Officials have admitted to an “error” that resulted in 42 people receiving the Regeneron antibody treatment instead of the intended Covid-19 vaccine.

The West Virginia National Guard announced the mistake in a statement on Thursday, saying the individuals who received the antibody treatment had been contacted and health officials would follow up with them as a precautionary measure.

The mix-up occurred at a vaccination clinic in Boone County. The county’s health department released their own statement, saying they “do not believe” the accident poses any harm to the 42 people who were seeking vaccinations. 

“The Health Department will continue to work closely with the WV National Guard and the WV Department of Health and Human Resources to review all internal policies and procedures. All of the affected individuals will be offered the Covid-19 vaccine today,” they added.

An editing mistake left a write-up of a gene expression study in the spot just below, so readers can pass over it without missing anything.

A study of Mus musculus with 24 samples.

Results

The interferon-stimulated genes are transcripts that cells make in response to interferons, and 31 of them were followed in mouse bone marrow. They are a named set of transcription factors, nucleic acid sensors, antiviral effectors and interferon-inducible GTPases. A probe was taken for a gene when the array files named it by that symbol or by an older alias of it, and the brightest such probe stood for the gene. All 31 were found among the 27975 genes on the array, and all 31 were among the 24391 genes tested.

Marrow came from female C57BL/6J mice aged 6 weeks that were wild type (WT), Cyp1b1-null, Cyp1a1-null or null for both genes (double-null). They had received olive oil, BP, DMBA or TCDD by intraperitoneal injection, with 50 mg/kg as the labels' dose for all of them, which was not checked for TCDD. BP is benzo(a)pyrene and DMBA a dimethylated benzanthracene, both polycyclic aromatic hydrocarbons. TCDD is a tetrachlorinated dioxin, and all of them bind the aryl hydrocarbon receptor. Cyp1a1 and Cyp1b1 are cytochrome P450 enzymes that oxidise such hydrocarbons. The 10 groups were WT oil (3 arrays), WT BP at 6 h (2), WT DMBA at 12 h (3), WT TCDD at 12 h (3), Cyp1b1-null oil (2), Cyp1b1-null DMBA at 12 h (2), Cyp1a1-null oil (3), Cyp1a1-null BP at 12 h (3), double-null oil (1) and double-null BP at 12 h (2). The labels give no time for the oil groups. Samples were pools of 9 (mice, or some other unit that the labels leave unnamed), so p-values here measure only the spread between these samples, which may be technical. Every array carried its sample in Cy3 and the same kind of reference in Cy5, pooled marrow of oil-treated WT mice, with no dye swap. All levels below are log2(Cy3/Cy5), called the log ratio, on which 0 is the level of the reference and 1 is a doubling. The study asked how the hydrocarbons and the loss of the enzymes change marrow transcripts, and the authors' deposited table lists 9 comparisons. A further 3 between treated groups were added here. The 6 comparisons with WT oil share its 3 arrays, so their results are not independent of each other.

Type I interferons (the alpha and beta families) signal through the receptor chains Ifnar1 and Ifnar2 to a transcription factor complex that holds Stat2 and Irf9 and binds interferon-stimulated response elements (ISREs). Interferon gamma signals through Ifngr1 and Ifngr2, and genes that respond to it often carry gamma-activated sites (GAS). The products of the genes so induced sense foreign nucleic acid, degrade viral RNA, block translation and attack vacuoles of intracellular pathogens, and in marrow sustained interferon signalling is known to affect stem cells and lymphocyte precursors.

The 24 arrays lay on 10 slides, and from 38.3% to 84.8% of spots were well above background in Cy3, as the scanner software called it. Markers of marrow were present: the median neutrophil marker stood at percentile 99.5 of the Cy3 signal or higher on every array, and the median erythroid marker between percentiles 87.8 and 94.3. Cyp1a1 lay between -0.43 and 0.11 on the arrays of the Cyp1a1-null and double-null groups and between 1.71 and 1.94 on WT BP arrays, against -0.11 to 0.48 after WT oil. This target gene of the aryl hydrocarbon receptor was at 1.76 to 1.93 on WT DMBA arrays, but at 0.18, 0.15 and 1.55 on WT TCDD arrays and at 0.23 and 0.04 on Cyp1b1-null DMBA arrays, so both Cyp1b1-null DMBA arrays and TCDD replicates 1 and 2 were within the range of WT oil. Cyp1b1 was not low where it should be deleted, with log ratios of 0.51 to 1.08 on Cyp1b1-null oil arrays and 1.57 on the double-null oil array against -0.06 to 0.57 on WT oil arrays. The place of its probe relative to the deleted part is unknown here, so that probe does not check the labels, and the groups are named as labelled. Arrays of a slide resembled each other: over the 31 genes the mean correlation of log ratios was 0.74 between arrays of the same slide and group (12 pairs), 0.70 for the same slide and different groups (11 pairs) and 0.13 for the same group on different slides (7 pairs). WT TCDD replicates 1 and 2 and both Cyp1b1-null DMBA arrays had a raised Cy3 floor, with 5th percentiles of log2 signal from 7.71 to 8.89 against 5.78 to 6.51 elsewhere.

Dr. Clay Marsh, the state’s Covid-19 czar, confirmed the mix-up posed no threat, as the antibodies would simply fight the virus.

“This product was the same one that was administered to President Trump when he became infected. While this injection is not harmful, it was substituted for the vaccine,” he said.

Dr. Marsh added that the mistake was an “opportunity” for health officials to “review and improve the safety and process of vaccination for each West Virginian.”

It is believed this was an “isolated incident,” but no further details of the specific intravenous antibody treatment have been made available. It was given emergency use authorization by the Food and Drug Administration in November. 

The mix-up in West Virginia marks the second notable incident to occur as states race to distribute Covid-19 vaccines. An employee of a Wisconsin hospital was fired this week for “intentionally” removing more than 500 doses of the Moderna vaccine from a refrigeration unit, rendering them unusable.